The coronavirus pandemic has accelerated several industry trends over the last six months. One such trend is the decline of TV ad spending, which is now thought to have peaked in 2018. TV ad spending could decline by $5 billion from 2019 to 2023, according to estimates from MoffettNathanson analysts.
Media companies are quickly moving more content online and launching their own ad-supported streaming services. But the shift to streaming probably isn't enough to fully offset the decline in TV ad spending.
Where ad budgets are shifting
Ad budgets aren't just shifting from traditional linear television to connected TV and streaming. The entire digital advertising ecosystem is winning share. Total U.S. digital ad spend could double from 2019 to 2023, according to MoffettNathanson's estimates.
Connected TV ad spend is expected to grow by $7 billion from 2019 to 2023, which would certainly offset the decline in traditional TV ad spend. But that growth won't all go to services launched by media companies trying to offset the decline in traditional TV ad spending. Moreover, the bigger opportunity isn't necessarily on connected TV platforms.
The vast majority of digital ad-spending growth is coming from other sources. "The future tends to look more and more like advertising is going to be less prevalent through the consumption of entertainment and more prevalent on the retail and e-commerce side," Insider Intelligence analyst Blake Droesch pointed out. A company like Amazon (NASDAQ:AMZN) could see its ad businesses take off as consumer packaged-goods companies shift more of their spending from television to its online marketplace.
The economics of ad-supported streaming are much different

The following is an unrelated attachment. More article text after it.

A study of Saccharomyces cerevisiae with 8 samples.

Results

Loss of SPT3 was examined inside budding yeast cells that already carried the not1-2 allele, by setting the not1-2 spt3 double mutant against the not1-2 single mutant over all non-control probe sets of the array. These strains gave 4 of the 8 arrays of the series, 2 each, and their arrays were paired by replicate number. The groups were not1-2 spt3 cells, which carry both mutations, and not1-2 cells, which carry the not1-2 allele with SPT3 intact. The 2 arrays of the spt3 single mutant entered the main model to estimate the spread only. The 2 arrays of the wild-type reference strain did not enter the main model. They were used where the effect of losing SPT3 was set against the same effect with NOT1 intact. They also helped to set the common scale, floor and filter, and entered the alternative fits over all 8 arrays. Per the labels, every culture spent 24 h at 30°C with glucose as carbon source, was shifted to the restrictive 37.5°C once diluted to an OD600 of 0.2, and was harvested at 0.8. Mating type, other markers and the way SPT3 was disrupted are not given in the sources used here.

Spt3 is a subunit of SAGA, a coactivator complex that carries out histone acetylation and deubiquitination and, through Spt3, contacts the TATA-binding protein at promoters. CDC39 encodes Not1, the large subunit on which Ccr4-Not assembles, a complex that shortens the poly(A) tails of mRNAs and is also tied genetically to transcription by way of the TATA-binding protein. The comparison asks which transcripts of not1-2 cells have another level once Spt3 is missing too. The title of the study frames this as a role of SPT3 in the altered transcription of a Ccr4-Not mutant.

The shift to streaming has been a challenge for companies like Comcast (NASDAQ:CMCSA) and AT&T (NYSE:T). The two companies have had long holdouts recently with the biggest distribution platforms, Amazon and Roku (NASDAQ:ROKU). That's likely because the two media companies are used to doing business in one way with traditional pay TV distributors, but the business of streaming is quite different.
Most importantly, in terms of advertising, Roku and Amazon typically take a much larger chunk of ads than traditional distributors. That's been a point of contention for traditional TV media companies in the past. But it also means even if advertisers move all the ad spend directly from traditional television to media companies' new streaming platforms, they'll see ad revenue decline because they're not keeping as much of that spend.
A decline in ad revenue for both Comcast and AT&T seems inevitable. That said, they're able to absorb declining ad sales by bundling their new streaming services with other services they provide, like home internet and wireless phone service. If Peacock and HBO Max can increase retention for other high-margin services, Comcast and AT&T can get value out of them even if revenue doesn't offset lost TV ad spend.
Smaller media companies without big connectivity businesses attached aren't so lucky, and they'll see significant pressure on their business going forward. What's more, they won't be able to hold out against Amazon and Roku, which means they're more likely to accept worse terms, giving up a greater percentage of ad inventory or revenue. Combined with the fact that the bulk of the growth in ad spend over the next few years won't come directly to connected TV and streaming, it could be a rough path ahead for media companies more reliant on advertising.
Investors in media stocks need to take a close look at their television business, determine the importance of advertising revenue to the business, and assess management's plan to navigate the ongoing shift in ad spending. Simply launching a new ad-supported, video-streaming service probably won't be enough to fully offset the decline in traditional TV ad spending.